This bill would apply to all public schools, charter schools and cyber schools but does not appear to cover parochial or private schools.By Jon Delano

PITTSBURGH (KDKA) — A state legislative committee has approved a bill that would make it easier for parents to find out what their children are being taught in school.

But not everybody supports the measure. In a strictly partisan vote with 15 Republicans for and 10 Democrats against, the House Education Committee approved House Bill 1332 to require schools to post online the curriculum and textbooks each teacher uses in the classroom.


“I think it’s critical that parents have the tools to be active within their kids’ education, and this allows them to do that,” State Rep. Josh Kail, a Beaver County Republican, told KDKA political editor Jon Delano on Wednesday.

“A lot of schools across this Commonwealth are already doing it. This might broaden the scope of what’s happening,” he added.

Kail voted for the bill in committee, but State Rep. Mark Longietti, a Mercer County Democrat, voted against it, saying the bill has problems.

“The timing certainly isn’t good. We know that schools have their plates full trying to keep school in person, dealing with health and safety concerns, trying to make up learning loss among students,” Longietti said.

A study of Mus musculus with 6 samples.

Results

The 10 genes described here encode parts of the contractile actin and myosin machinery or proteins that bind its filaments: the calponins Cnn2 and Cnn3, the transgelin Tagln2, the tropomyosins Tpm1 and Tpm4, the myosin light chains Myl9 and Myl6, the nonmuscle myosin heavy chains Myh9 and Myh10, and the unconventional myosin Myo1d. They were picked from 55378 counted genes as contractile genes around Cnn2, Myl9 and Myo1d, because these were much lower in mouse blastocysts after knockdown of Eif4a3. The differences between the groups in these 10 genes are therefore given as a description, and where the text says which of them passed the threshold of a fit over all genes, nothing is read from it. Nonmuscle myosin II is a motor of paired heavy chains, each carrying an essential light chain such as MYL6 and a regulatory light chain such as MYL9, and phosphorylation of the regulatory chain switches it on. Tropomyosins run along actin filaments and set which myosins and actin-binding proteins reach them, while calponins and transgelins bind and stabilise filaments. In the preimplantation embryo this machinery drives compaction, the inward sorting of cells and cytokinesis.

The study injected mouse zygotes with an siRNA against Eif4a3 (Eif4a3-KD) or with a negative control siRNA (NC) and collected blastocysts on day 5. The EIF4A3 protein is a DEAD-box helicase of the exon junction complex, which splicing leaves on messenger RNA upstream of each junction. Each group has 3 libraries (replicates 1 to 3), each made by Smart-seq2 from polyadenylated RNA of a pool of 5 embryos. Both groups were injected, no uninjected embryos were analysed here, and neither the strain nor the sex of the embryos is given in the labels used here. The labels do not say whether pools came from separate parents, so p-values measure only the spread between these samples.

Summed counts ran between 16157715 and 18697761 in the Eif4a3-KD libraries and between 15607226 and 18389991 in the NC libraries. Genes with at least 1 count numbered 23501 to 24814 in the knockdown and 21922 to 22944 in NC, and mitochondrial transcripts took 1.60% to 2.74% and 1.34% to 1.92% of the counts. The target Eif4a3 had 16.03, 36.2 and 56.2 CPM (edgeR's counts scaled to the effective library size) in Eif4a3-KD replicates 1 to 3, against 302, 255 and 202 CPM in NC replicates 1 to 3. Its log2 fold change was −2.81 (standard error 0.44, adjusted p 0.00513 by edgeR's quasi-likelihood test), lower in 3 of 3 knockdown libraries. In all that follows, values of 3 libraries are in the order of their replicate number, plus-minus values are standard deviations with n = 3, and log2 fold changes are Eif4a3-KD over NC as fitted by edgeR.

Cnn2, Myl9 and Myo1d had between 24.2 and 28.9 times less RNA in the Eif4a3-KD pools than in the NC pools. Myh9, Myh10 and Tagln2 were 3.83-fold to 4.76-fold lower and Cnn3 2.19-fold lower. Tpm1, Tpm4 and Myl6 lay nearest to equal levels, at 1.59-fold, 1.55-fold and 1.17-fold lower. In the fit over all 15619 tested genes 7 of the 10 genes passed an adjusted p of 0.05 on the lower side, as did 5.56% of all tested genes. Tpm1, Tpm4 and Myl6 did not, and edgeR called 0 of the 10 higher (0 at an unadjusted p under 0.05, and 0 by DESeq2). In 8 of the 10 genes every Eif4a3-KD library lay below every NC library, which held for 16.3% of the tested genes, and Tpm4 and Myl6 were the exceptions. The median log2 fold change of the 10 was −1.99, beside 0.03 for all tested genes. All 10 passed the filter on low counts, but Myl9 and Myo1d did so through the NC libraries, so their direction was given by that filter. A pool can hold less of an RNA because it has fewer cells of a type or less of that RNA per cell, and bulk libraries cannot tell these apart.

Besides the time commitment to post ever-changing lesson plans, the Pennsylvania Federation of Teachers worries this is a way to influence how a subject is taught like Critical Race Theory.

“We’ve seen in a number of states that they have used this as a backdoor way against teaching racism,” Nina Esposito Visgitis, president of the Pittsburgh Federation of Teachers, said.

“We want our students to get the whole picture. We want our students to learn the truth. We don’t want to water it down,” she added.

But Kail said greater transparency may actually reduce parental anxiety about teaching.

“The knowledge of what’s being taught and how it’s being taught will alleviate some concerns that some parents might have,” Kail said. “I think the mystery of it actually increases a parent’s concern with what’s being taught.”